NTM launches Indigenous Artifact Survey & Conservation Project

To inaugurate the Indigenous Artifact Survey & Conservation Project commissioned by the Ministry of Culture, the National Taiwan Museum held a two-day workshop on indigenous artifact appraisal in Taipei’s Nanmen Park on Nov. 13 and 14.

NTM Director Hung Shih-yu (洪世佑) noted that the Indigenous Artifact Survey & Conservation Project focuses on archival capabilities and will be implemented in collaboration with Pingtung-based Laiyi Indigenous Museum and Shih-tzu Indigenous Museum, where an indigenous artifact survey will be conducted, and relics repaired or preserved accordingly. Following the survey, a database will be established to manage the artifacts.

The first phase of the project will combine NTM’s professional preservation skills with the knowledge of local indigenous museums to foster a team of artifact surveyors who are knowledgeable in damage evaluation and artifact management, preservation, and maintenance.

The workshop is helping to cultivate a field research team of 30 to 50 artifact surveyors. The team’s responsibilities will be investigating and recording names of current tribal artifacts and intangible cultural assets in indigenous languages as well as documenting the usage, creator, imagery, and condition of these cultural assets.

The team will also be responsible for collecting stories behind each artifact and recording its manufacturing process for the purpose of recreating or displaying such artifacts in the future.

The second phase of the project will be to establish a “first aid” station for indigenous artifacts next year at local museums to assist museums and tribespeople in evaluating damaged artifacts and inspecting the preservation conditions. Moreover, the station will offer advice for improving archive rooms and facilities and help resolve preservation and maintenance issues faced by museum workers.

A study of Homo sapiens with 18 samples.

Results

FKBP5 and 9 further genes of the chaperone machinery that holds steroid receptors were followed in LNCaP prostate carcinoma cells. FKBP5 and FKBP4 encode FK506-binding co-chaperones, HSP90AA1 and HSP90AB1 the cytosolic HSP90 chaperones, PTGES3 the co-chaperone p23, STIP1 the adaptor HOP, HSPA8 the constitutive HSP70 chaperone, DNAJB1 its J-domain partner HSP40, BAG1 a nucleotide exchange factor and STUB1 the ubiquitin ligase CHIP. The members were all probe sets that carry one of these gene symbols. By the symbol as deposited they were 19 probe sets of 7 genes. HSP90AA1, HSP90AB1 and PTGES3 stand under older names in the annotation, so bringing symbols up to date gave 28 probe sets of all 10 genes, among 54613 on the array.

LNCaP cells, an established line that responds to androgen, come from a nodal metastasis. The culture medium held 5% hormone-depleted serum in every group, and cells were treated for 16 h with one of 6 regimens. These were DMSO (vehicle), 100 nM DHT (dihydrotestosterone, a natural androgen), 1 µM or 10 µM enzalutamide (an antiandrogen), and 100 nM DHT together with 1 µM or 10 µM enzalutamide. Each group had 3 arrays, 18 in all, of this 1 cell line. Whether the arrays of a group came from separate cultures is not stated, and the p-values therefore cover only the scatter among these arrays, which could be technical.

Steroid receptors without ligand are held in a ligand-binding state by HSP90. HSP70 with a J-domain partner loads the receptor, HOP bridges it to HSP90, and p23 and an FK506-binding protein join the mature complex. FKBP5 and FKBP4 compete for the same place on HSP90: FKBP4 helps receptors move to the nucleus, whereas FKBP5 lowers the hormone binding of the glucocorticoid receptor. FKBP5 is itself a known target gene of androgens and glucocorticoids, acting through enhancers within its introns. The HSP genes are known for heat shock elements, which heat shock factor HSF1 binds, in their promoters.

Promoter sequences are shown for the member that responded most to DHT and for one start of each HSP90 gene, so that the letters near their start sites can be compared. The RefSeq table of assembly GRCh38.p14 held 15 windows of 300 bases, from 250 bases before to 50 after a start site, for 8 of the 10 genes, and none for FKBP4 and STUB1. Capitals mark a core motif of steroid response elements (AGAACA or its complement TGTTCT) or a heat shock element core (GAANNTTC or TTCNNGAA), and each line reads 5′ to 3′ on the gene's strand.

The third phase will be assisting and guiding local museums to apply for cultural credentials that will recognize indigenous communities as preservationists of important cultural heritage and manufacturing skills. At least five artifacts and one important artifact or national treasure are expected to attain formal identification in 2019.

NTM noted that the project will follow the “Big Museum Leading Small Museum” framework of the Museum Mentorship Program that has been in place for the past eight years.

Experience has shown that local museums are important channels to reach aboriginal tribes and help tribespeople understand that the traditional artifacts preserved by museums are not merely tools used in the past but important cultural heritages for building local identity and community consciousness.


Members of the two-day workshop pose with "finger hearts."